Remind me again: Wasn’t 2007 supposed to be the year of soft landing for the Chinese economy?
Halfway into the year, and after several rounds of monetary tightening, the reality is turning out to be just the opposite.
Economists at the People’s Bank of China are now forecasting gross domestic product to grow 10.8% in 2007.
That will be the fastest pace of expansion in 12 years and almost 3 percentage points higher than the 8% target announced in February.
And this is when we are discussing official figures. The economy may well be growing even faster.
Surely this is alarming enough for policymakers to hit the brake pedals with all their might?
The stock market’s nervous reaction to the latest economic forecasts seems to suggest such a concern.
The CSI 300 Index fell 2.5% on 29 June, posting its first monthly loss in almost a year.
Jittery investors, holding on to overpriced Chinese stocks, are getting jumpy for the wrong reasons. The collapse, when it comes, will have nothing to do with the government’s efforts to contain the economy.
It will most likely resemble the 19th-century American boom-busts when there was no US Federal Reserve managing the business cycle.
Investors have no reason to tighten their seat belts fearing central bank action in China. It’s the lack of action that should make them fret.
Behind the curve
Monetary policy in China has fallen so far behind the curve that it’s probably too late to achieve a soft landing.
This year, there have been two interest-rate increases.
They have pushed up the benchmark one-year deposit rate by 54 basis points and made bank loans costlier by 45 basis points. There have also been five rounds of reduction in the amount of funds that banks have available for lending.
None of this is helping with a surge in liquidity caused by a current account surplus that the World Bank estimates at 11% of GDP this year. The undervalued yuan, which is fanning this surplus, is still not being addressed.
In the absence of meaningful appreciation in the currency, monetary tinkering will remain ineffective.
The Chinese stock market, already a gigantic bubble, will keep growing. Based on price-to-earnings multiples, yuan- denominated shares in Shanghai are three times more expensive now than they were two years ago.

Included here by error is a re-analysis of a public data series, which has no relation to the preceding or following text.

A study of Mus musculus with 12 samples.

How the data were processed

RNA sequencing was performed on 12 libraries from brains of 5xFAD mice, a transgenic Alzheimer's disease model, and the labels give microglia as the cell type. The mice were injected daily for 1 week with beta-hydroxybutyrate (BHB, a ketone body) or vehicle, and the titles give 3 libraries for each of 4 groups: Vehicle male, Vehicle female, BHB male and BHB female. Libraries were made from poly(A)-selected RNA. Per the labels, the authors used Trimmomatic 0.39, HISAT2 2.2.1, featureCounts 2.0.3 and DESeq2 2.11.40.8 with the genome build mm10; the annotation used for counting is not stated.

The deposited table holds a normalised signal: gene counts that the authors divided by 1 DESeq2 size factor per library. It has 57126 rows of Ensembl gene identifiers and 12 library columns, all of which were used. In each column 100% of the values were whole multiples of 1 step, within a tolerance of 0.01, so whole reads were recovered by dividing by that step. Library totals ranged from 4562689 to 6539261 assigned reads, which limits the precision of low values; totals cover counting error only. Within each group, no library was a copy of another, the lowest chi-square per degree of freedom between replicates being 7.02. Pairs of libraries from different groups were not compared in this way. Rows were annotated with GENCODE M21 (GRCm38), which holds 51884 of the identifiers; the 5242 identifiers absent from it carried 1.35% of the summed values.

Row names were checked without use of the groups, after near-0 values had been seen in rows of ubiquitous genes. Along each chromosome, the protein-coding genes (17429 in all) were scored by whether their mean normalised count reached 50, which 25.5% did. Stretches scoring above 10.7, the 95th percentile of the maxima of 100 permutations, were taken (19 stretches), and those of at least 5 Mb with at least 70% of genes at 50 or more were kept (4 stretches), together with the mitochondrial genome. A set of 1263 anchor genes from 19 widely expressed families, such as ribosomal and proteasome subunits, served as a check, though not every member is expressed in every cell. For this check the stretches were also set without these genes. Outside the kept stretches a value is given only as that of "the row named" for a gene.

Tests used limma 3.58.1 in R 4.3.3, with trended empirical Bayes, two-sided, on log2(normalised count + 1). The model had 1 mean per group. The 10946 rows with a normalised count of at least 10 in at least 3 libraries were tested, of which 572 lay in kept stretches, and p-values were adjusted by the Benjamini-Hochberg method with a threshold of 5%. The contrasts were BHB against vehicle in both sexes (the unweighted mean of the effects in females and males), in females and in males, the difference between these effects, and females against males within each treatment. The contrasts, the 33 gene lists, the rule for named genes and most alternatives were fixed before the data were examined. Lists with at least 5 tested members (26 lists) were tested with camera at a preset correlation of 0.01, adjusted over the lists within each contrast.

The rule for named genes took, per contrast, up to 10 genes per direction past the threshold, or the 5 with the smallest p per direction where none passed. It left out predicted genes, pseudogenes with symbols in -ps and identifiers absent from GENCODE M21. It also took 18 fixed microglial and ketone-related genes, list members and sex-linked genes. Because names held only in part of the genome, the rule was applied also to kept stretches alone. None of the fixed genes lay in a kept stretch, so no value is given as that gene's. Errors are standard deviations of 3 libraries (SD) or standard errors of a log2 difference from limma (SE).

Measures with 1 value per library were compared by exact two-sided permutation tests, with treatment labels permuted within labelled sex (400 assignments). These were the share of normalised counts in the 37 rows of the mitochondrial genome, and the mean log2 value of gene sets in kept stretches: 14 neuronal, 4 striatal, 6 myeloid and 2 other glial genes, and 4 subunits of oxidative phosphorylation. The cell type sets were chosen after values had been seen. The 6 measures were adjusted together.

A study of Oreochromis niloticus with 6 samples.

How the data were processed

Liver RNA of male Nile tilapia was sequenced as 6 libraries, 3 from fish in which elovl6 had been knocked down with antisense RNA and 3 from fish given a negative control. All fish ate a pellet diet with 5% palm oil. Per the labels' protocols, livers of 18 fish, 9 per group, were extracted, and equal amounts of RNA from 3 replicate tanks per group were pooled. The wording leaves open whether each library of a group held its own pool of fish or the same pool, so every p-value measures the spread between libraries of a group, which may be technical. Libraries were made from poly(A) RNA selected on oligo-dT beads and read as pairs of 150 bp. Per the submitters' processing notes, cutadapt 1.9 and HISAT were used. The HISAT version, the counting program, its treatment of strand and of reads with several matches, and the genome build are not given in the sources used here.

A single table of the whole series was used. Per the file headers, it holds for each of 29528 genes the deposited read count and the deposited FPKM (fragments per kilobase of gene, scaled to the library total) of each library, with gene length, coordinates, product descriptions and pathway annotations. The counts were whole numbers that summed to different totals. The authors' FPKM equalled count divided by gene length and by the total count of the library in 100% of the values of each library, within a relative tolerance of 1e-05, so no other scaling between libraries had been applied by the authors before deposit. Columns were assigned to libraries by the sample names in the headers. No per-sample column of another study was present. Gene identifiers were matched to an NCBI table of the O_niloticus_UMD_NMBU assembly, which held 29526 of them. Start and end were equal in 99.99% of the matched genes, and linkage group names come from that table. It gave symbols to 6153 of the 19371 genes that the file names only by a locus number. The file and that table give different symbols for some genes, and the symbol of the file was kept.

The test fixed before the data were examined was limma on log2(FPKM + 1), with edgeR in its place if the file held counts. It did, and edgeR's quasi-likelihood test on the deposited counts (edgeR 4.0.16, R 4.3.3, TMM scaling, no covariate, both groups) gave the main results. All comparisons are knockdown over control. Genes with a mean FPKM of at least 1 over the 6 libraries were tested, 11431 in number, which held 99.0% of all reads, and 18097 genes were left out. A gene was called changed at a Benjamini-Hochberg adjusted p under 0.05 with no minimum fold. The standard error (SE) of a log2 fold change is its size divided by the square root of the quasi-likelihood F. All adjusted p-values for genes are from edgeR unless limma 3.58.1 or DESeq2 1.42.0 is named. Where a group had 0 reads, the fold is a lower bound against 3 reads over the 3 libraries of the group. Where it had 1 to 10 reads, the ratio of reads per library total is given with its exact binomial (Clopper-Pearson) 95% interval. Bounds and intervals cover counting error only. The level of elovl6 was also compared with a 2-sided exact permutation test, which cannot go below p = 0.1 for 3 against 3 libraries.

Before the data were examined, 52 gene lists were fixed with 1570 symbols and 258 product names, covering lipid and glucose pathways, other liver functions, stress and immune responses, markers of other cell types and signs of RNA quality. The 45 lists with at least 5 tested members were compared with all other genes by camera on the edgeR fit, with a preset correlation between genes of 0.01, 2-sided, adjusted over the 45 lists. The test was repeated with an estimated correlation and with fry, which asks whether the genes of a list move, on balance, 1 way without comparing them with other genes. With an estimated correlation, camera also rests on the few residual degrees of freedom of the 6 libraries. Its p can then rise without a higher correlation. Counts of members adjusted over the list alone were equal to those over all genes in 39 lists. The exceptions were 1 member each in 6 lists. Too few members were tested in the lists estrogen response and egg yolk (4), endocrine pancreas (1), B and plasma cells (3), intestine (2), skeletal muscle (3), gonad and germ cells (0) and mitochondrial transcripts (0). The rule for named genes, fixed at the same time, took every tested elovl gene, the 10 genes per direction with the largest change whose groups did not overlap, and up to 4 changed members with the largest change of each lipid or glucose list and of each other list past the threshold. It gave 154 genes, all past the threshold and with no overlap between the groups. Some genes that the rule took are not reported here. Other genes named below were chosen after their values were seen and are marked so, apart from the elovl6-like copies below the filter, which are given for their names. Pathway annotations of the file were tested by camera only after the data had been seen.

Premier Wen Jiabao said last month that Chinese monetary policy needs “moderate tightening.” He’s probably basing his judgement on current inflation figures.
The same China Securities Journal report that revealed the central-bank researchers’ GDP forecast also said consumer prices will rise 3.2% this year. That’s hardly very different from the 3.4% annual pace at which prices rose in May.
The last time the Chinese economy seriously overheated—from 1993 to 1995—the annual average inflation rate was 15%, 24% and 17%, respectively.
Of course, the Chinese people’s tolerance for inflation may be much lower now than it was in the mid-1990s.
It’s possible that even a 4% annual increase in consumer prices will prompt people to take more money out of their savings deposits and invest in the stock market because banks are allowed to pay only 3.06% for a one-year deposit.
The recent decline in yuan-denominated demand deposits at banks suggests that such an incentive exists.
Even then, the government is reluctant to put an end to this exaggerated risk-taking behaviour by raising deposit rates more aggressively than it has so far.
Instead, it has decided to deal with it through fiscal—rather than monetary—measures.
The official Xinhua news agency reported last week that law makers have approved a plan for China to cut or scrap its 20% withholding tax on interest payments from bank deposits. It is hardly a significant move.
“A 50 to 60 basis-point increase in the net interest earned on deposits is far too small to change asset allocation behaviour in the marketplace,” Jonathan Anderson, a UBS AG economist in Hong Kong, wrote in a note to clients last week.
Finally, let’s look at money.
The threat from runaway money growth isn’t immediately obvious. M2—cash and bank deposits—expanded almost 17% in May from a year earlier.
That’s less than half the full-year figure for 1994.
So there’s nothing to worry about, right? Look again at the data, focusing this time at just how much money there already is in relation to the size of the economy, rather than how fast it is growing in absolute terms.
M2 in China is almost 37 trillion yuan (Rs200 trillion), or 1.77 times the nominal GDP, thanks to the money added in the process of the central bank’s purchase of dollar inflows. That compares with 0.97 in 1994.
Policymakers in China can now only hope that this growth is benign, caused by rising demand for money rather than increased supply of it; because if it’s the other way round, it might be time to start preparing for a hard landing.